Rumiantsev census (Generalnaia opis Malorossii). A comprehensive demographic and socioeconomic survey of the Hetman state in Left-Bank Ukraine instituted on the instruction of Empress Catherine II by governor-general Petr Rumiantsev in October 1765. Its aim was to determine the legal status of persons and properties and to gather other information that would facilitate the introduction of the Russian tax system, court system, and military system in the Hetman state. It also laid the groundwork for the eradication of Ukrainian autonomy, the prevention of the mobility of peasants and rank-and-file Cossacks, and the eventual imposition of serfdom. The census was conducted on the territory of each of the Hetman state's 10 regiments by a special commission headed by a Russian officer. Altogether 3,500 settlements were surveyed. Family property (the dvir) constituted the basic unit in the census. The information gathered included population figures (age, marital status, state of health, place of birth, social status, occupation), corvée obligations, the equity and income of each family and the taxes paid, the means by which properties were acquired, the number of buildings and domestic animals on each property and their description, and the description of towns, villages, homesteads, cultivated land, forests, hayfields, and manufacturing enterprises. Copies of documents on which property ownership was based (hetmans' universals, regimental decrees, purchase and transfer records, and wills) were submitted with the data.
The census met with passive resistance from the majority of the population. Except in Kyiv regiment it was not completed, because of the outbreak of the Russo-Turkish War of 1769–74. Nevertheless the data that were collected provide invaluable socioeconomic information about the Hetman state prior to its abolition. Not all of the materials gathered have been preserved. Initially they were dispersed among the archives of the gubernial capitals (see Gubernia) of Chernihiv, Kyiv, and Poltava. In the late 19th century the materials in Chernihiv were transferred to the library of the Russian Academy of Sciences in Saint Petersburg, those in Kyiv were deposited in the Kyiv University library, and those located in Poltava perished in a fire. In the 1920s all of the extant materials were deposited in the Kyiv Central Archive of Old Documents. Now they fill 969 volumes, each with 300 to 1,000 folios; the volumes are housed in Kyiv, mostly at the Central State Historical Archive in Kyiv, but also in the Manuscript Division of the National Library of Ukraine. Scholars who have studied the census include Dmytro Bahalii, Ivan D. Boiko, Vasyl Danylevych, Pavlo Fedorenko, Oleksander Hrushevsky, I. Kovalsky, T. Kruglova, Oleksander Lazarevsky, Pylyp Klymenko, Ivan Luchytsky, M. Lytvynenko, Yurii Maksymovych, Venedikt Miakotin, N. Lepenko, O. Putro, Mykhailo Rklytsky, Viktor Romanovsky, V. Semevsky, Serhii Shamrai, Mykhailo Slabchenko, Mykola Tkachenko, and Mykola Vasylenko.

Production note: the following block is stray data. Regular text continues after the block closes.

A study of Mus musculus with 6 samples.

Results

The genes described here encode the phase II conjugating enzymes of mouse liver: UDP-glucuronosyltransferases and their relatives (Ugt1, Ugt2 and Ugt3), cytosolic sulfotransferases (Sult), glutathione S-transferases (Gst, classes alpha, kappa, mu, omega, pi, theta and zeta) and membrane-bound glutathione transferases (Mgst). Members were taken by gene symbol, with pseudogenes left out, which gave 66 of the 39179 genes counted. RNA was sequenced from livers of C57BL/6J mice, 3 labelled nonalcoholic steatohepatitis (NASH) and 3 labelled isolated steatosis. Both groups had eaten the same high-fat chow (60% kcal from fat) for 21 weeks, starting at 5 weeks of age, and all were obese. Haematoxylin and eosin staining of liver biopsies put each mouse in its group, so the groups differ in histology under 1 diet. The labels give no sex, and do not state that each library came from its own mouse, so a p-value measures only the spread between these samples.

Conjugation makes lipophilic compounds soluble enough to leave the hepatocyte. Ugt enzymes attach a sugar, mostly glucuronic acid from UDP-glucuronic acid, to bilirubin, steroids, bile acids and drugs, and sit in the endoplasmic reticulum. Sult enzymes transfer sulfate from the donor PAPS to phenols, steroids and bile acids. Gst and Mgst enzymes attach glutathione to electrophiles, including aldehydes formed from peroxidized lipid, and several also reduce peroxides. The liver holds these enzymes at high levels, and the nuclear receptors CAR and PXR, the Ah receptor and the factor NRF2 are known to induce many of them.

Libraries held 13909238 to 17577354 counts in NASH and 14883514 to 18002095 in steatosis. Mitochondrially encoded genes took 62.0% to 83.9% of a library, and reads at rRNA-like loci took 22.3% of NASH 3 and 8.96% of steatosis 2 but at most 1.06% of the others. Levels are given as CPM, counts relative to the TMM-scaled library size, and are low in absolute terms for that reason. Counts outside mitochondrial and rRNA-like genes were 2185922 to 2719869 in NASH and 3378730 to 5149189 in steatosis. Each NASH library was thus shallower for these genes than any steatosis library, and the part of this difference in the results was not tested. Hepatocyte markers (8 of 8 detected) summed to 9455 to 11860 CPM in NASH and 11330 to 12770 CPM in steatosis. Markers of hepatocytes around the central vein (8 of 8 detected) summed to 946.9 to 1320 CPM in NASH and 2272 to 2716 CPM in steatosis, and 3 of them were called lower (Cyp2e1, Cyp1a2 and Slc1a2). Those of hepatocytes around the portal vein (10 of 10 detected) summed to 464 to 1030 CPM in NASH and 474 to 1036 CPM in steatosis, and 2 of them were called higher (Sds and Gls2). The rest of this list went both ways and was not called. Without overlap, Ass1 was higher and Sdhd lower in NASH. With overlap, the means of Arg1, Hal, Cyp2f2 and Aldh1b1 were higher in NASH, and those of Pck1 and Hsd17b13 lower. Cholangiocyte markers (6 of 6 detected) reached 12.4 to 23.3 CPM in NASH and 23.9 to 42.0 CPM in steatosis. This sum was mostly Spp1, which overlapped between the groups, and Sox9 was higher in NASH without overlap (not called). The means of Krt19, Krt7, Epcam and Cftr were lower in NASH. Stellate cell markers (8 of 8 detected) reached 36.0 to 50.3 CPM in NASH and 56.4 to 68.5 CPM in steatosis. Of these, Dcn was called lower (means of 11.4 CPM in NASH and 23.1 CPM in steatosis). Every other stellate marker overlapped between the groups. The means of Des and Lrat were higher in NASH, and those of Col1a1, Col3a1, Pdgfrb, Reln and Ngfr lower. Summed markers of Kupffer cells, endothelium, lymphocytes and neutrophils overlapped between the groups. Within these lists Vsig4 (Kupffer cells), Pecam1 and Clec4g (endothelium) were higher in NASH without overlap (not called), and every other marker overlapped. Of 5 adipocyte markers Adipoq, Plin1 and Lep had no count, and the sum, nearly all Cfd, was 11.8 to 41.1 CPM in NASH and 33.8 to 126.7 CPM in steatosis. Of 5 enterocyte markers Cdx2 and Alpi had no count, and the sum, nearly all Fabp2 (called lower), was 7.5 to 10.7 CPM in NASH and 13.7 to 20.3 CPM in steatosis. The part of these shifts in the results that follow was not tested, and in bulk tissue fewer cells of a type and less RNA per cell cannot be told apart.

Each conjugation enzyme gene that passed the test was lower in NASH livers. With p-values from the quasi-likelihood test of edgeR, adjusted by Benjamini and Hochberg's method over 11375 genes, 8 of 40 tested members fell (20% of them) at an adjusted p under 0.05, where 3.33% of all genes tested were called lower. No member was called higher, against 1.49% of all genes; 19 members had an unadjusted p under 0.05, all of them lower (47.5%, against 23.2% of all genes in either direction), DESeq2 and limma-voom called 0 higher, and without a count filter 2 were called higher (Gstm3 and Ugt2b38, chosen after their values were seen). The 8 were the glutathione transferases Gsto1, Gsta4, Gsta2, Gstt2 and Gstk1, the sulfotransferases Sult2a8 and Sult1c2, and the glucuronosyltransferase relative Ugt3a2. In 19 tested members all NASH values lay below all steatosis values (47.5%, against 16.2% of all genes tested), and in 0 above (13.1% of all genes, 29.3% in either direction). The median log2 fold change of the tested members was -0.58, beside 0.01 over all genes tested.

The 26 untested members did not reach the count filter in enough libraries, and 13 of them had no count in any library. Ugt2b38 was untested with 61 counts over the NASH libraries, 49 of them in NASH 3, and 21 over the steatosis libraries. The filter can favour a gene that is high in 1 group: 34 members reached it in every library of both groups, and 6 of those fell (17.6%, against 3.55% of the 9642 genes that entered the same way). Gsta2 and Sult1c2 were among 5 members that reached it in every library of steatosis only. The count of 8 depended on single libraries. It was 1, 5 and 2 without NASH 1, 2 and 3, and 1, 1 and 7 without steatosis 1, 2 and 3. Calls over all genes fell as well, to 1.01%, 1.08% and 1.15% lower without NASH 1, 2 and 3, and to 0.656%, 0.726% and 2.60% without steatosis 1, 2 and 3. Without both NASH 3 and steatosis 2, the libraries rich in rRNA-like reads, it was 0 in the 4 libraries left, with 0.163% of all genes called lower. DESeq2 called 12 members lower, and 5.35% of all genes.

Lazarevskii, Aleksandr; Konstantinovich, Nikolai. Obozrenie Rumiantsevskoi opisi, 4 fasc (Chernihiv 1866–85)
Bagalei, Dmitrii. General’naia opis’ Malorossii (Kyiv 1883)
Miakotin, Venedikt. Ocherki sotsial’noi istorii Ukrainy XVII–XVIII vv., 3 vols (Prague 1924–6)
Popova, L.; Revnyvtseva, K. Heneral’nyi opys Livoberezhnoï Ukraïny, 1765–1769 rr.: Pokazhchyk naselenykh punktiv (Kyiv 1959)
Lytvynenko, M. Dzherela istoriï Ukraïny XVIII st. (Kharkiv 1970)
Kruglova, Tat’iana. Ekonomicheskaia struktura gorodskikh khoziaistv Levoberezhnoi Ukrainy v XVIII v. (po materialam General’noi opisi, 1765–1769 gg.) (Moscow 1989)
Oleksander Ohloblyn, Arkadii Zhukovsky
[This article originally appeared in the Encyclopedia of Ukraine, vol. 4 (1993).]